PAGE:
Source 2 - Report on the Peace Train Organisation

A report on the Peace Train Organisation (PTO) produced in May 1993. The report was commissioned by the Central Community Relations Unit, part of the Northern Ireland Civil Service.

Context notes

This report was commissioned by the Central Community Relations Unit (CCRU). The Central Community Relations Unit was established in 1987 to advise the Secretary of State on all aspects of the relationship between the different parts of the Northern Ireland community. The Unit, is part of the Northern Ireland Civil Service. The Unit’s role is to make policies on issues of equality and improve community relations. The purpose of this report was to decide whether the Northern Ireland civil service should continue to provide financial support to the Peace Train Organisation.



The Peace Train Organisation came into being in 1989. The original idea is attributed to Pronsais De Rossa, a Workers Party T.D. in Dail Eireann, who together with other interested individuals decided to form a pressure group to oppose the ongoing bombing campaign against the Dublin /Belfast rail link. The idea was taken up by like minded individuals in Northern Ireland, initially by Chris and Michael McGimpsey, who formed a Northern contingent to co-operate with the group in Dublin. Eventually support committees were established in both London and Glasgow.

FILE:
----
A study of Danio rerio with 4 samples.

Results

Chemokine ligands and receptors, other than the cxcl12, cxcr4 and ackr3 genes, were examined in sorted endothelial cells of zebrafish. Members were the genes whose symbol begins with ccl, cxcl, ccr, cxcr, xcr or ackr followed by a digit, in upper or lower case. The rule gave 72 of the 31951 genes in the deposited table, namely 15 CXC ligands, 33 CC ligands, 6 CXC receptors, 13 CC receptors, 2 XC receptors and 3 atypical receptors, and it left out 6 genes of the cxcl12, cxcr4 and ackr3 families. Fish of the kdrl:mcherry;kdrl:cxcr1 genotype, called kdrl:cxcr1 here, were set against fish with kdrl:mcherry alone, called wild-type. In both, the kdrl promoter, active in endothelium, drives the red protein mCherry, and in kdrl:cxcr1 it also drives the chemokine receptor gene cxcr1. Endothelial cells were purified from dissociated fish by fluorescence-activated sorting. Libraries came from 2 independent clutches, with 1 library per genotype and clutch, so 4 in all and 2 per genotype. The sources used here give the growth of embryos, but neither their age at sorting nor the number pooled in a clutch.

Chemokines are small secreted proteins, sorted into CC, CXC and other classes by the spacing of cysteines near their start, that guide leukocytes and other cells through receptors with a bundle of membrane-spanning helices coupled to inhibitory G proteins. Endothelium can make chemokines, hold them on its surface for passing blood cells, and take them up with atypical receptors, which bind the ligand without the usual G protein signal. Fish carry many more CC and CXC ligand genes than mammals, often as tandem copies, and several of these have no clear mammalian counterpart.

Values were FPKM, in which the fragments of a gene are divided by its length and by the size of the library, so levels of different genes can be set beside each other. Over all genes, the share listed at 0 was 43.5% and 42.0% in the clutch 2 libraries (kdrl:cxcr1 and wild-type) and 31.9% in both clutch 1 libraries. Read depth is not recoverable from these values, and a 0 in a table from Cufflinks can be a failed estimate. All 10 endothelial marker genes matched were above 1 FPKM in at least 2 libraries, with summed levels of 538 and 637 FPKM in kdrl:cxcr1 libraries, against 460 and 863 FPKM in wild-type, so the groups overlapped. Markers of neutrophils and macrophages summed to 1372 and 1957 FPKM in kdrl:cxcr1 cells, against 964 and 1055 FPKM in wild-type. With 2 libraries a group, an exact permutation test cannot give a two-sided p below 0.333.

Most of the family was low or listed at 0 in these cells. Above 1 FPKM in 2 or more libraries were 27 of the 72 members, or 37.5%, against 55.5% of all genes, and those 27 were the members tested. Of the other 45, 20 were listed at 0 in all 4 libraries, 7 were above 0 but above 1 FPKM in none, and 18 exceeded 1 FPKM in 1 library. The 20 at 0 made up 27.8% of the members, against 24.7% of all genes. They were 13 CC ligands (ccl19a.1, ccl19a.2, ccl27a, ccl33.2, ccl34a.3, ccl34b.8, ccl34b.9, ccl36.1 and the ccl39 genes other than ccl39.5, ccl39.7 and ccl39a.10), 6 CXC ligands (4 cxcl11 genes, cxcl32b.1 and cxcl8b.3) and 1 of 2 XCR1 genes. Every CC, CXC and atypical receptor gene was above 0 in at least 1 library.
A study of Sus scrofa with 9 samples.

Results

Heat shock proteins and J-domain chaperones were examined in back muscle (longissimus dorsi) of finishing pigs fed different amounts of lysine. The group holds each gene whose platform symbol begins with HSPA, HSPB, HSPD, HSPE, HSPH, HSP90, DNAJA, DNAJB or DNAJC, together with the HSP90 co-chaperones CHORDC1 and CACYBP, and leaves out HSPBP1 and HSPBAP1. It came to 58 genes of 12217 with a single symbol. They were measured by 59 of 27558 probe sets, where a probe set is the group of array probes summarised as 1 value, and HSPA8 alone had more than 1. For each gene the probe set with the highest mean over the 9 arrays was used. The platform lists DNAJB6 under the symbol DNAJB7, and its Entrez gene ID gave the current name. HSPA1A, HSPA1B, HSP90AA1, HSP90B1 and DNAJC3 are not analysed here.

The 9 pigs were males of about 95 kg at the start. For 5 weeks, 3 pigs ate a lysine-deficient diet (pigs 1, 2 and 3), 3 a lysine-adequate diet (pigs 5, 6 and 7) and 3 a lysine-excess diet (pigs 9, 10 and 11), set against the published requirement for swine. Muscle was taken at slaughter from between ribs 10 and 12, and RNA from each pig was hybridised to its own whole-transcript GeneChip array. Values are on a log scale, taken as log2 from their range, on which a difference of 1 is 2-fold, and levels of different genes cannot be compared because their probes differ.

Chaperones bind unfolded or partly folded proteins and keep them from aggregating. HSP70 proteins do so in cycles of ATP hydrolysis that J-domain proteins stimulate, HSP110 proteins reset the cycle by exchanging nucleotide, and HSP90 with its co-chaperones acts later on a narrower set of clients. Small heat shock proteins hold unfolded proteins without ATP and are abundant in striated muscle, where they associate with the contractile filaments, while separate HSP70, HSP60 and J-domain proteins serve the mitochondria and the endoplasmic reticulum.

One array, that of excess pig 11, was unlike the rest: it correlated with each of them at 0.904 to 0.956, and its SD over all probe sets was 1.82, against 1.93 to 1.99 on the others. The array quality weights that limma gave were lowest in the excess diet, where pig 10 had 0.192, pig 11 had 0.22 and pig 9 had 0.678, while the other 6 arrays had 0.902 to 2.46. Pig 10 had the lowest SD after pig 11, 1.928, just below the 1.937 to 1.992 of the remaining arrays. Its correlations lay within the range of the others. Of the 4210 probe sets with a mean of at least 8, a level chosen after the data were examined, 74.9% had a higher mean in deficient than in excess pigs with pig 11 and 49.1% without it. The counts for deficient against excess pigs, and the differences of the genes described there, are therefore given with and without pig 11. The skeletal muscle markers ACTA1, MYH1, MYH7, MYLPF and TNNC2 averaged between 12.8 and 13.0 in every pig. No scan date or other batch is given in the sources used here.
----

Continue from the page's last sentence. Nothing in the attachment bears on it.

1. CCRU should extend funding for a further year,  rather than for three years, to allow time for the Peace Train to demonstrate that they have put into effect a clear development strategy. Such a strategy is not yet evident but there are clear signs that the need for it has been recognised and that attempts are under way to formulate one. 2. CCRU should reinforce to PTO as a condition of any further funding the types of output it considers appropriate for projects which it funds. 3. CCRU should give considered assessment to the value which it would place on any initiative which brings politicians from across the political divide in Northern Ireland to work together for a common purpose. This does not have a high correlation with CCRU objectives as specified and may be within the remit of another agency. Peace train should be encouraged to give precedence to an initiative highlighting Loyalist paramilitary violence . To date its campaign has been almost exclusively directed at republican violence. Such a display would almost certainly make it clear that the organisation was unequivocal in its operation and this would be likely to broaden it’s appeal and acceptability.

  2. Who belonged to the group?
  3. What were its aims?
  4. What recommendations did the CCRU make?

Inferences from the content

  1. What can historians infer about the impact of the PTO?
  2. What can historians infer about the views and attitudes of the members of the PTO?

Inferences from the context

  1. Is it significant that government officials were providing financial support to the PTO?
  2. What can historians infer about attitudes within Ireland and Northern Ireland towards the conflict at this time?